Edward Wesson and his colour palette

I would have loved to had the opportunity of attending one or more of Ted Wesson's demonstrations, but unfortunately this never happened, his loose paintings and the way they were constructed are a great inspiration to me, in particular his pen and wash work, I have found it a little difficult to find information to the colour palette he mainly used it appears that they were mostly transparent colours and were warm and cool primary colours, it also seems that he used three different blues [French Ultramarine, Winsor and Cobalt],  I do not believe you should try to copy an artist's style you admire, but to take snippets of the techniques they worked with and improve your own style, any good reading or websites that you think would be of interest I would love to hear about.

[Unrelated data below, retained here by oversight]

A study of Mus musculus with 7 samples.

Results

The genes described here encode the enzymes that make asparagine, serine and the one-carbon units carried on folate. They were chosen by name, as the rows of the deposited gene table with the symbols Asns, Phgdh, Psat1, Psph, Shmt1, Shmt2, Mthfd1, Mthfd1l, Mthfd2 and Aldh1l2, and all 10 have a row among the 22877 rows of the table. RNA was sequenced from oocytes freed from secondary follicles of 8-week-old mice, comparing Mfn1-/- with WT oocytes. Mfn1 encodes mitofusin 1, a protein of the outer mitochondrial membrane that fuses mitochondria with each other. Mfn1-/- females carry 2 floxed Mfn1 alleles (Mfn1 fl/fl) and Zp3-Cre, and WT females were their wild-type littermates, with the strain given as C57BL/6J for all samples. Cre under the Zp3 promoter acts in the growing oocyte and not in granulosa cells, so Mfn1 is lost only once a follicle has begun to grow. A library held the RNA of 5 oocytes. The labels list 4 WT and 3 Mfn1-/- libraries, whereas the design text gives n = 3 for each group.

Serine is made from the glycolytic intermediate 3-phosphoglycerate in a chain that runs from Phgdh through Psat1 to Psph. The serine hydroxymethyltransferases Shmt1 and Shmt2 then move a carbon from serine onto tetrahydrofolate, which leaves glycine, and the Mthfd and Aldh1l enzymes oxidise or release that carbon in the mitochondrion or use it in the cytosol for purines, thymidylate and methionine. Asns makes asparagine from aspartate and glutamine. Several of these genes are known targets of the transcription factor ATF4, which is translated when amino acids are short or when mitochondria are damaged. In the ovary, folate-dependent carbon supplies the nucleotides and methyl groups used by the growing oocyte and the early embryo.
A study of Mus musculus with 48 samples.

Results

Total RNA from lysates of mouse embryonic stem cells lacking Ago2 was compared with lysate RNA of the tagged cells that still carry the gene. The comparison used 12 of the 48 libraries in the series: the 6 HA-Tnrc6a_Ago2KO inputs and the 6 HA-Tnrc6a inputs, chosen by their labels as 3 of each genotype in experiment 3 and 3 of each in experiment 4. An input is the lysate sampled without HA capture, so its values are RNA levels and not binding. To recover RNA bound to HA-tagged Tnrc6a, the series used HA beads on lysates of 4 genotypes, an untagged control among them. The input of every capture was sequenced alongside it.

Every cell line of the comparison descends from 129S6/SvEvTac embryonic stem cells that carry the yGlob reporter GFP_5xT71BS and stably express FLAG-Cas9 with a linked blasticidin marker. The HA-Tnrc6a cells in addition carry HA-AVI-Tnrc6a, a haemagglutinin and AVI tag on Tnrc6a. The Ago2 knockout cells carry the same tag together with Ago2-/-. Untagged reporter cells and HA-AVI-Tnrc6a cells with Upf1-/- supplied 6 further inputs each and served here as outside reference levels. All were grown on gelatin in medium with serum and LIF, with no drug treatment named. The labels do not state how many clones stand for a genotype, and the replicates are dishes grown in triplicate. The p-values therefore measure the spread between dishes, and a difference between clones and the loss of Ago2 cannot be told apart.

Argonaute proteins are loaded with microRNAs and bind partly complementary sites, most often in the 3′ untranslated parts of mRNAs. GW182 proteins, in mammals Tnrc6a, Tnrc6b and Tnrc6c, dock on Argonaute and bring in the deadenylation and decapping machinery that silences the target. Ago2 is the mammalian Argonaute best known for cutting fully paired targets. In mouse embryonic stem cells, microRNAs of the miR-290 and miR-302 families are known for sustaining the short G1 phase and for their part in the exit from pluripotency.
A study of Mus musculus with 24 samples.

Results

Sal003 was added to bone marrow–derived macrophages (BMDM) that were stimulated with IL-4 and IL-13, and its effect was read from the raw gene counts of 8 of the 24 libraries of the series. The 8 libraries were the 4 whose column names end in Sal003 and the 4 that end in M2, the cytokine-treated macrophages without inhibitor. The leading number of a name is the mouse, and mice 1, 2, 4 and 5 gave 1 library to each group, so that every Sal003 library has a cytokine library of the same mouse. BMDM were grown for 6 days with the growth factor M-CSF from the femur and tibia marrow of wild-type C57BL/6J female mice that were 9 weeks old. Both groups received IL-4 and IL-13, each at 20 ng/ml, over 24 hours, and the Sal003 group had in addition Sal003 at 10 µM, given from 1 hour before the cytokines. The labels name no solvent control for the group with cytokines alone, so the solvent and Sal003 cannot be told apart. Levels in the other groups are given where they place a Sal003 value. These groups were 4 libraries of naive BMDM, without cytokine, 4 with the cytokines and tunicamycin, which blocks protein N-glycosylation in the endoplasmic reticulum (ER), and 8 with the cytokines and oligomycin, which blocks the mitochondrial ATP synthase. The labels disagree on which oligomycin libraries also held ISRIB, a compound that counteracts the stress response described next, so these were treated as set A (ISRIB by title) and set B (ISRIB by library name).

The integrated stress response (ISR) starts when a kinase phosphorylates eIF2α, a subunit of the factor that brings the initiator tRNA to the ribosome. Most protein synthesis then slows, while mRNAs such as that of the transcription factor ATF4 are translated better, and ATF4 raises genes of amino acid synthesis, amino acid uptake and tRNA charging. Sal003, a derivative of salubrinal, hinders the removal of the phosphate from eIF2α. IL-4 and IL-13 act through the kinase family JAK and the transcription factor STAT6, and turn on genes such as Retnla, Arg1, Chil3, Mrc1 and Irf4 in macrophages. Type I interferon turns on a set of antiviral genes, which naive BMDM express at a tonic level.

Hello David, I just found your blog when I was doing a search for anything new about Edward Wesson. He is an artist I very much admire too.

From what I have read I understand that his palette consisted of the following Winsor and Newton colours:-

Winsor Yellow
Raw Sienna
Burnt Sienna
Light Red
Burnt Umber
French Ultramarine
Winsor Blue

For his line-and-wash pieces he used a restricted palette of Raw Sienna, Burnt Sienna and Payne's Grey, instead of a blue.

Halsgrove Publishing have produced several books on him by Steve Hall and Barry Miles.

"The Art of Edward Wesson" by Ron Ranson has been republished.

Steve Hall has also made a couple of DVDs for Town House Films about painting in the Wesson way.